UPDATE: (June 28, 2022, 7:55 a.m. ET): Cassidy Hutchinson, a former top aide to Trump White House chief of staff Mark Meadows, is scheduled to testify during the House Jan. 6 select committee hearing on Tuesday.
The House select committee investigating the Jan. 6 attack had a plan. After a series of televised hearings, in which the bipartisan panel presented devastating information, members planned to be outside of the public eye this week.
And by all appearances, the schedule made sense: The House isn’t conducting any legislative business this week; lawmakers are scattered across the country; and investigators need time to process the information it continues to receive ahead of the next hearings.
It was against this backdrop, however, that the committee raised a few eyebrows this afternoon. NBC News reported:
The Jan. 6 committee will hold a last-minute public hearing Tuesday to present new evidence and hear witness testimony, after having previously said it would take a break until mid-July. The hearing is scheduled for Tuesday at 1 p.m. ET, according to an advisory the committee sent out Monday. In an unusual move, the committee has not identified the witness, as it did for previous hearings.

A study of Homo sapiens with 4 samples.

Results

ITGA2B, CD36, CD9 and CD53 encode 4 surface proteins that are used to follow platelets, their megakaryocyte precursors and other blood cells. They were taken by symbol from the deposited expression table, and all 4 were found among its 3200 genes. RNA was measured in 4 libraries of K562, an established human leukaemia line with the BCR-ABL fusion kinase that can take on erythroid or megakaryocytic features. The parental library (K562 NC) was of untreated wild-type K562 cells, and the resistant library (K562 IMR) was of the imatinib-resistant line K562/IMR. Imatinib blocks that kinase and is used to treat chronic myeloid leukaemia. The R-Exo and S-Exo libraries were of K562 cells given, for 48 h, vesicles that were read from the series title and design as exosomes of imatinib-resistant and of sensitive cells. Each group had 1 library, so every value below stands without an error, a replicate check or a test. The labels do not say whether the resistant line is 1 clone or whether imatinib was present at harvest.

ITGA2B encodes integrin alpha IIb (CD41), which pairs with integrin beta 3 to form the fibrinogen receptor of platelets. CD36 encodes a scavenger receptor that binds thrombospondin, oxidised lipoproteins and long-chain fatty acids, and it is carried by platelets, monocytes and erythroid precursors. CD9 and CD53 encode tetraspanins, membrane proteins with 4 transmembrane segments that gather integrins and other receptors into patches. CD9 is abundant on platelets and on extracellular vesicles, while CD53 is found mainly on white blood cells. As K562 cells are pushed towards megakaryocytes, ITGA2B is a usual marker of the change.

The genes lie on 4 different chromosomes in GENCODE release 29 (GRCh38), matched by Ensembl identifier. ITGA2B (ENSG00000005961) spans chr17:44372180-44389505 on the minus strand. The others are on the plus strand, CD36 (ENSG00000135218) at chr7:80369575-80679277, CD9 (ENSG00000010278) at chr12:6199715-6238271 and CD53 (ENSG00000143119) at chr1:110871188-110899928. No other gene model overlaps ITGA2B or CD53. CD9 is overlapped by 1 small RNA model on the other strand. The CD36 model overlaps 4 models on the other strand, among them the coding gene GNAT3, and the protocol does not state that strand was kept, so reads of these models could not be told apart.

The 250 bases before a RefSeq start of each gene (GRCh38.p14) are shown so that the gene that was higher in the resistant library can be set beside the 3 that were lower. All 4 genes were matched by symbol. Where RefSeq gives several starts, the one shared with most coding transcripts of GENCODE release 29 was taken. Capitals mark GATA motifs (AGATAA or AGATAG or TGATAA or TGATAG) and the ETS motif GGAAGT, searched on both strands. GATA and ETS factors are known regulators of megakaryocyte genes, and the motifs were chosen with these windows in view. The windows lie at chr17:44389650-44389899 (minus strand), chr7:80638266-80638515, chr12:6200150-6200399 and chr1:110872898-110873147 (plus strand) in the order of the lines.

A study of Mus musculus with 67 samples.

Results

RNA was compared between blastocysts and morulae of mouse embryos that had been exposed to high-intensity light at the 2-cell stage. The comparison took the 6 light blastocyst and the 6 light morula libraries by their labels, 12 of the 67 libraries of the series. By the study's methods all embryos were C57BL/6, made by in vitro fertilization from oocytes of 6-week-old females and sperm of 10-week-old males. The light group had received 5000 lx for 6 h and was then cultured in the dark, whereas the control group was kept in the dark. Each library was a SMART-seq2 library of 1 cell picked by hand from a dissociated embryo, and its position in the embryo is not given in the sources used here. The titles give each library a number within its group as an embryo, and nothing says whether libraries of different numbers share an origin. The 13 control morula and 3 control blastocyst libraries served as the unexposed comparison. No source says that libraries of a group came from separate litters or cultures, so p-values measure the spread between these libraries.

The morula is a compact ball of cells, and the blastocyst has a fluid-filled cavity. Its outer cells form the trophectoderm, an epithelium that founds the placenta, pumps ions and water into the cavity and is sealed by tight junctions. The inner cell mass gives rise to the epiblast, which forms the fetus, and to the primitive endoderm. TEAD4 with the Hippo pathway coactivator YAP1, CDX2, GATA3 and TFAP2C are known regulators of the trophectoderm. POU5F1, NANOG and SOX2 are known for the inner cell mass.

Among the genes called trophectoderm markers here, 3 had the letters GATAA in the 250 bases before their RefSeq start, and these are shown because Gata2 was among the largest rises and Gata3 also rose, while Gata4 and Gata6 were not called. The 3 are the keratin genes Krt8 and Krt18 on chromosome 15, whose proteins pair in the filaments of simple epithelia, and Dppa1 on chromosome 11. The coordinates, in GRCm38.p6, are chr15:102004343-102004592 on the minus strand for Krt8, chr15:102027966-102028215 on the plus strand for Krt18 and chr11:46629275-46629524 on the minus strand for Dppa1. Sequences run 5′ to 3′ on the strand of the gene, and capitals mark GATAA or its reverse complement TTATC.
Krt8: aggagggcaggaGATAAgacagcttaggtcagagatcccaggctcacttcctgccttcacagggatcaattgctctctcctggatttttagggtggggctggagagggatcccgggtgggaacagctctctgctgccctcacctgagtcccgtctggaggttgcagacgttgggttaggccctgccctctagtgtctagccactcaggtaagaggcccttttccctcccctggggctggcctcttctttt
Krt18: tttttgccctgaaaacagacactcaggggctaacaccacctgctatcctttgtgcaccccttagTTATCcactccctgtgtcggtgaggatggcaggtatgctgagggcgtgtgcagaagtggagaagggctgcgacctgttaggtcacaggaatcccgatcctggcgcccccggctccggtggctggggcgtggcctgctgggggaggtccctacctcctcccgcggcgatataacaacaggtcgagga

A source familiar with the plans told NBC News these developments are “unplanned,” adding, “You can deduce from that that there will be a lot of significance to the hearing.”
I can appreciate why news like this may seem deeply unsatisfying. We know there will be a hearing tomorrow, but we don’t know why, or who’ll appear, how many witnesses might testify, or what any of them might say. The press statement this afternoon said the committee intends to “present recently obtained evidence and receive witness testimony.”
This isn’t a situation in which I know a little more, but can’t say due to an embargo or an off-the-record commitment. Rather, I honestly don’t know any more details than this.
That said, the fact that investigators made this abrupt announcement raises some provocative possibilities.
Maybe, for example, the committee has highly dramatic news that might leak if the panel tried sitting on it for a couple of weeks. It’s also possible that the committee has an important witness — or witnesses — and members quickly scheduled a hearing in the hopes that he/she/they would have less of an opportunity to change his/her/their mind.
But a New York Times report added that the panel also expressed concern “for the security of its witnesses,” which would also force a more expedited schedule.
Whatever the motivation, today’s announcement has piqued the political world’s interest. The hearing will be aired live on MSNBC, and Rachel will anchor our coverage of the revelations tomorrow night.
The House Jan. 6 committee is holding its sixth public hearing on Tuesday, June 28 at 1 p.m. ET. Get expert analysis in real-time on our liveblog at msnbc.com/jan6hearings.